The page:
The Order of Barristers
The Order of Barristers is a national honorary organization whose purpose is the encouragement of oral advocacy and brief writing skills through effective law school oral advocacy programs. The Order seeks to improve these programs through interscholastic sharing of ideas, information, and resources. The Order also provides national recognition for individuals who have excelled in advocacy and service at their respective schools.
The Order of Barristers originated in 1965 at The University of Texas at Austin School of Law. The purpose was to honor graduating seniors who had demonstrated outstanding ability in the preparation and presentation of moot appellate argument. These students were selected by the Faculty Committee on Legal Research and Writing and the Director of the Moot Court Program.
The Order continued as a local honorary society until 1968 when the administrators of The Order initiated plans for expansion on a national basis. The law schools in the thirteen regions represented at the National Moot Court Competition were contacted, and favorable response to expansion was received. The Order was officially established as a national organization in 1970. A Constitution was adopted, and The University of Texas at Austin School of Law was elected Permanent Secretary on December 16, 1970, at the initial meeting of the Board of Governors during the final round of the National Moot Court Competition in New York City.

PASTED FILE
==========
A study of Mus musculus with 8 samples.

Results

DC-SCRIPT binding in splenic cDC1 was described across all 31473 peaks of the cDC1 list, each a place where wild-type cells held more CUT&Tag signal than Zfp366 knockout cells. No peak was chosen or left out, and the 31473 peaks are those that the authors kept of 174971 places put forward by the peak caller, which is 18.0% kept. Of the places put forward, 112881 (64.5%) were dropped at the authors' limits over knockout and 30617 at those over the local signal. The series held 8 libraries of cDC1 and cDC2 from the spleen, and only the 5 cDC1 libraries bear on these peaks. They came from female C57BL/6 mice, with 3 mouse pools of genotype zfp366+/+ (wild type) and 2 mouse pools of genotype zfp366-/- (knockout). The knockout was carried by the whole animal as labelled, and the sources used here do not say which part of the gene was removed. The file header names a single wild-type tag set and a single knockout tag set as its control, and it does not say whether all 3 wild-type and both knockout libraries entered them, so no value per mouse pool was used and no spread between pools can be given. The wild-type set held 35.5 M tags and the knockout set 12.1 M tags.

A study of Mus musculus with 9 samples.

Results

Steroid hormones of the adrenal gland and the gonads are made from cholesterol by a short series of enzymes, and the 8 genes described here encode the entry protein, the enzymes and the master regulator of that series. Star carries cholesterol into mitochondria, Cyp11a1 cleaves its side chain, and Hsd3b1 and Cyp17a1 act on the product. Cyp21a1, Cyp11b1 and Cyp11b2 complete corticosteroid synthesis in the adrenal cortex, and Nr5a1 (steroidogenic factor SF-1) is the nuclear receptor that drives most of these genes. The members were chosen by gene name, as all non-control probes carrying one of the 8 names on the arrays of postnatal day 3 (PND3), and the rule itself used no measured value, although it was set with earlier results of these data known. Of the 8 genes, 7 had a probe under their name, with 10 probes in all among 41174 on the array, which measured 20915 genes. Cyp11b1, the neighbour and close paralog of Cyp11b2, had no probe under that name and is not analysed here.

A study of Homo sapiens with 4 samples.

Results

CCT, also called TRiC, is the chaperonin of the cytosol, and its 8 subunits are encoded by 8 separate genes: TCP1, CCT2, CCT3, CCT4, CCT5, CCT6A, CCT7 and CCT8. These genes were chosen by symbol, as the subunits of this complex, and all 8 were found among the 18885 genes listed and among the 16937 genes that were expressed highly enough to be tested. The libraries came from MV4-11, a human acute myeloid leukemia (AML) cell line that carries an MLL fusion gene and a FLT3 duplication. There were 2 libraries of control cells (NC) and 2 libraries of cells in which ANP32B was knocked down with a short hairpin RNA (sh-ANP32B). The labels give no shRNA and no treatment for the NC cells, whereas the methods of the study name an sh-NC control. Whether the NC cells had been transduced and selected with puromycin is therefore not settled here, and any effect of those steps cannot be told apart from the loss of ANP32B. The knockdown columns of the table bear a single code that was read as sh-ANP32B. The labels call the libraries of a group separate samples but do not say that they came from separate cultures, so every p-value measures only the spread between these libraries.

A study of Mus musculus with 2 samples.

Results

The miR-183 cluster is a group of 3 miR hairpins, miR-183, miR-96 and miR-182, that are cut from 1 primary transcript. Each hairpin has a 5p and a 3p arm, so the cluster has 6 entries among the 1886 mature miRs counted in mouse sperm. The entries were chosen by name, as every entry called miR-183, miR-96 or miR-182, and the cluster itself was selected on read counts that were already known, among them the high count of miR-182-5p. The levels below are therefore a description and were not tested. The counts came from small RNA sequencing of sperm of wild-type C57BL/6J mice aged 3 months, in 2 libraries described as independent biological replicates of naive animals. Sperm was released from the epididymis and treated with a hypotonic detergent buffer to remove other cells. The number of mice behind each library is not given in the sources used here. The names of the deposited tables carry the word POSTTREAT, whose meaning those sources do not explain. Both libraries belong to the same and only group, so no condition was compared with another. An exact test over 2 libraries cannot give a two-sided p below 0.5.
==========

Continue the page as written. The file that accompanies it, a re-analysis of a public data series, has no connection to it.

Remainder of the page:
During the spring of 1971, a number of schools submitted applications for membership and the current roll boasts over 100 law school chapters throughout the nation. Schools having chapters in the Order include those nationally recognized for outstanding moot court programs and for successful participation in regional, national, and international interscholastic moot court competitions.
In 1973, Martindale-Hubbell Inc. acknowledged the distinction of being selected to membership in the Order by agreeing to list it among the scholastic distinctions included in a lawyer’s biographical sketch.